Being an integrative psychiatrist, I treat patients using western medicine, alternative treatments, and a wide variety of lifestyle interventions. When treating ADHD, I find that bringing all of these practices together is the most beneficial approach. One powerful, yet often-not implemented practice, is exercise.
As someone who has had ADHD myself, I know how difficult it can be to follow through when someone makes a wonderful suggestion such as "go exercise." However, years of exercising and seeing its great effects in my clients have convinced me that this is essential for those wanting to recover from, and thrive with, ADHD.
We know that symptoms of ADHD include restlessness, decreased concentration, poor follow-through, and emotional reactivity. We also know that these symptoms are related to an ineffective processing of neurotransmitters, such as dopamine, in the brain.
Exercise not only increases the amount of dopamine available to help with concentration and follow-through, but it also produces natural endorphins that give one a general sense of calm and well-being.
This can help with the restlessness that one with ADHD seems to have, always feeling like they need to be doing something. That sense of well-being can also decrease the emotional reactivity. Throughout the day and especially for the period of time right after exercise, there is calm and a greater ability to focus.
So how can one with ADHD use exercise to help improve their symptoms?
In adults, often the temptation is to sleep in as long as possible before work and stay seated throughout the work day, leaving exercise for afterwards, when it might not do the most good. With children, there is a tendency to try to get their homework "over with" when they first get home, so they can do fun stuff.
If you think of exercise as a short-term drug or medication boost, a better idea would be to have children do some rigorous activity when they arrive home, then do the homework, and finally have their fun reward.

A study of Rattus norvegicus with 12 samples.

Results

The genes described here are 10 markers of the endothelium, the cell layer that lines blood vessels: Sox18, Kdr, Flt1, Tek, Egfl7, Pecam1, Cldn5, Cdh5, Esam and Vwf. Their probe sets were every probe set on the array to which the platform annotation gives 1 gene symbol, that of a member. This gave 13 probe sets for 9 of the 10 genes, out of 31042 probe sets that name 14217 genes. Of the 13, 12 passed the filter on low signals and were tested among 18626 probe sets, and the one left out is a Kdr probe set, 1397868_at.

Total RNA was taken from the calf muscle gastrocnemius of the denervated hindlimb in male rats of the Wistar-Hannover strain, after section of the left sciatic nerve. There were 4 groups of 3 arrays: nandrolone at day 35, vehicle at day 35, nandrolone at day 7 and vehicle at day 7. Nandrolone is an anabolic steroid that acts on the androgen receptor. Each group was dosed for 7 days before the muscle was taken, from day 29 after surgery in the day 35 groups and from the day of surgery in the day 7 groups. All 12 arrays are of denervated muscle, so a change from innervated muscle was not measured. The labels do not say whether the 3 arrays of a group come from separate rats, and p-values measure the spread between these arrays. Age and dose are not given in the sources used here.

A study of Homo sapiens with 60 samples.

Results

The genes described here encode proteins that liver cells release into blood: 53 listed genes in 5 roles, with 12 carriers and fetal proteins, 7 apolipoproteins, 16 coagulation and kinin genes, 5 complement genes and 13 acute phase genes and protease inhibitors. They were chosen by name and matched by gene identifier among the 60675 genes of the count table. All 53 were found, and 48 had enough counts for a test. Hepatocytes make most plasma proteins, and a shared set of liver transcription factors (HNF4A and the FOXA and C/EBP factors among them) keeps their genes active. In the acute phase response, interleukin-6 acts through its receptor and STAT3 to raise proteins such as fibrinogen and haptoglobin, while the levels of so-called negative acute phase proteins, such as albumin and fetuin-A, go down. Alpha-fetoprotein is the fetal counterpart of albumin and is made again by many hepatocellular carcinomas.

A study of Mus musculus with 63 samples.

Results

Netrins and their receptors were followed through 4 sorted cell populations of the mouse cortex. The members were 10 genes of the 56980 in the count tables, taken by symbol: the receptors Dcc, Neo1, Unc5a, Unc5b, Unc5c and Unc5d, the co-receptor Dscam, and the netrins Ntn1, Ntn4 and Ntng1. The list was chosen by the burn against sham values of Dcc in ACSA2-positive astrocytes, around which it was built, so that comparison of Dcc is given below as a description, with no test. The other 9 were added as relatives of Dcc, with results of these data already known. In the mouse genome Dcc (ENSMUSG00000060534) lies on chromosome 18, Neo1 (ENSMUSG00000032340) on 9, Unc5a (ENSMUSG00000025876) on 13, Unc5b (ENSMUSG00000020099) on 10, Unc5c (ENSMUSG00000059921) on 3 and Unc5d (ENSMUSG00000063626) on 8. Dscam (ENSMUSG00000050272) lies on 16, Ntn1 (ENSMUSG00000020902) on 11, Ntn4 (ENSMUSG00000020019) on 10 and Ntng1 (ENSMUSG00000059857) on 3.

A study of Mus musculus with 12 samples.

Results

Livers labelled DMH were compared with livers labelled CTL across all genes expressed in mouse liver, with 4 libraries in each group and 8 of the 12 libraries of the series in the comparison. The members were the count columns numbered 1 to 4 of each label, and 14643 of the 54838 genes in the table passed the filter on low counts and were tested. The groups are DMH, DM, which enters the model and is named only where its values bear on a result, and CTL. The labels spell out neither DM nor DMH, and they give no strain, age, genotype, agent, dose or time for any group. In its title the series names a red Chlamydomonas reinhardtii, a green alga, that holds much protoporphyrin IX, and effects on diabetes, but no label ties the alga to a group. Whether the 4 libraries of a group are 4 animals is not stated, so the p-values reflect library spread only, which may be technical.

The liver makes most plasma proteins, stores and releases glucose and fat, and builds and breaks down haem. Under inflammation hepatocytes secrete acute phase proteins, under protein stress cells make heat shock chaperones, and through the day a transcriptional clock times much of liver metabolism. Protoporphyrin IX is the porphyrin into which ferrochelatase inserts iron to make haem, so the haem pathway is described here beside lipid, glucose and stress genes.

For the adult, exercising before work and then doing the high concentration tasks first thing when they arrive at the office will have this same effect. Also effective: using the lunch hour to work out for those who have trouble concentrating in the afternoons after lunch. It is ideal if both age groups can work a couple of breaks, or "recess," into their day.
For an adult, this might mean running up and down the stairs of the office building a couple of times, or taking a vigorous walk around a one story building. If you have a private office or are unconcerned with what others think, you can play music and get up and dance at your desk for 10 minutes.
So what kind of exercise is best?
Obviously, any movement is better than nothing. As a "prescription," I'd say 30 minutes of moderate intensity exercise, five days a week (preferably the school or work days) is ideal. It is important to experiment with one’s self as to which exercise is the right amount to have increased concentration and an increased sensation of well-being in the brain, without the body being so tired that one just wants to rest afterwards.
Usually this involves running or other cardio, that one builds up to 30 minutes as they are able. Joining a class, such as Zumba, where there is someone to follow and a group of people around can help with decreasing the boredom that causes those with ADHD to give up on an activity. Meeting someone to exercise with you can help with motivation and follow through, as will paying a personal trainer to guide you through workouts. The important thing is always to find what works for you and to keep making changes as you go along.
Figure out what makes you feel good, and then how to make it something you'll actually do. Given someone with ADHD’s need for novelty, plan to change what you’re doing every month or two: take a new exercise class, choose new activities, or work with a new trainer.
If you plan to change it, every so often, right from the beginning, there is less chance that you will get bored, habituate to your current exercise effects and then be in risk of not continuing to exercise.
As always, if you're concerned about ADHD, in yourself or a loved one, you're advised to seek treatment with a healthcare professional.